An Emirates 354-seat Boeing 777-300ER aircraft will start operating between Dubai and Durban from 1 June.
An Emirates 354-seat Boeing 777-300ER aircraft will start operating between Dubai and Durban from 1 June.

Emirates flights highlight need for more routes

By Suren Naidoo Time of article published May 16, 2012


He was speaking at the Tourism Business Council of SA’s Hotel Investment Conference Africa in Durban last week.

Despite the economic turbulence in the global aviation industry, there were opportunities for new routes that were not being explored, Khoza said. “We have been chasing international airlines to come into King Shaka International Airport. It’s an obsession for us because we have to get the new airport working optimally,” he said.

“Considering the global challenges facing the airline industry, maybe it’s time they consider changing the way they do business. The Middle Eastern airlines such as Emirates are growing because they are innovating in the aviation space. Emirates is backing Durban and plans to bring a bigger Boeing 777 on the daily route to Dubai from June.”

Emirates now operates an Airbus A330-200 on the route. The bigger plane will see first-class cabins being offered on a Durban route for the first time in over a decade.

“The introduction of the Boeing 777-300ER is in response to strong demand on the route. In 2011, Emirates carried over 165 000 passengers between Durban and Dubai with a high average seat factor of 83 percent,” said Jean Luc Grillet, Emirates senior vice-president for commercial operations in Africa.

On Monday, KZN Economic Development and Tourism MEC Mike Mabuyakhulu told The Mercury he did not think the failure of the deal between Comair and Dube TradePort to launch a London route was a major blow to King Shaka International’s route development plans.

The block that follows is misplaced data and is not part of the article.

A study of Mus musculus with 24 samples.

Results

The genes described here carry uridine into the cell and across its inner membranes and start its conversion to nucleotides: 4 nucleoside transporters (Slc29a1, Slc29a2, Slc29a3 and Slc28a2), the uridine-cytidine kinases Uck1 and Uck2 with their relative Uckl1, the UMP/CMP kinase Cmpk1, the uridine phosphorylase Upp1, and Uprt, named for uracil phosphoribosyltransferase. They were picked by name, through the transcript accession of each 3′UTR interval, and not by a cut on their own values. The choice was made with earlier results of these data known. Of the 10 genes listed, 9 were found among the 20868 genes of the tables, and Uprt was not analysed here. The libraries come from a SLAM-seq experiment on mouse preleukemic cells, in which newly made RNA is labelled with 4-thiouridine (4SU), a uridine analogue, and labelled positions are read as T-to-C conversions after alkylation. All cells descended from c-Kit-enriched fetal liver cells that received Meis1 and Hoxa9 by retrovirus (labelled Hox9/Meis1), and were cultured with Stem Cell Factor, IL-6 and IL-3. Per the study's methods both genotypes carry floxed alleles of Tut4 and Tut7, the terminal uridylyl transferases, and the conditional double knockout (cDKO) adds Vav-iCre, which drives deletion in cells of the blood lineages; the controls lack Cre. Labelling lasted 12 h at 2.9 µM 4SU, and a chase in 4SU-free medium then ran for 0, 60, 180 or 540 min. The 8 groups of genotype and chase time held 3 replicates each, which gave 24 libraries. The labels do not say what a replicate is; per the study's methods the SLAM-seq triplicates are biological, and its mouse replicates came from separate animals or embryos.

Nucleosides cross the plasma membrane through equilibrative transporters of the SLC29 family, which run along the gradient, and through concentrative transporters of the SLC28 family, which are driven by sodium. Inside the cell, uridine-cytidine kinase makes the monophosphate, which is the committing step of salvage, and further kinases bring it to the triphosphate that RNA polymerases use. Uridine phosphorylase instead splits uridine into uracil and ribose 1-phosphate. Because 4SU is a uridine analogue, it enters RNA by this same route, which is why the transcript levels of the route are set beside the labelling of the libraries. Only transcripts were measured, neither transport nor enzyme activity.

“Most international airlines work on a five-year planning cycle and… we believe that many airlines will see the value of utilising the airport. Our determination to attract major airlines to the airport remains unshaken,” he said.

“We are under no illusion about the challenges facing the aviation industry globally. The industry is in a bit of an economic tailspin globally and few are looking at new routes.”

Speaking at the Indaba tourism trade show on Monday, SAA chief executive Siza Mzimela said the airline had no immediate plans to establish international routes out of Durban. SAA has been criticised by the provincial government for this and also for dropping flights between Durban and Cape Town.

Mabuyakhulu said Emirates’ move to bring a bigger Boeing 777 on to the current Durban-Dubai route was a positive development.

He also revealed more details at Indaba of the deal between Dube TradePort and SA Express to make King Shaka International its Africa regional hub.

“We are really excited about this project… As part of the deal, flights between Durban and Lusaka in Zambia will start from mid-July. Ten other regional routes are on the cards over the next 24 months. Our strategy is to focus more on the African market and particularly on the Southern African Development Community. “We want to see more airlines from the… continent flying out of King Shaka International. The unprecedented growth of African economies means that the aviation industry on the continent is on the cusp of a boom and we want a slice,” he said.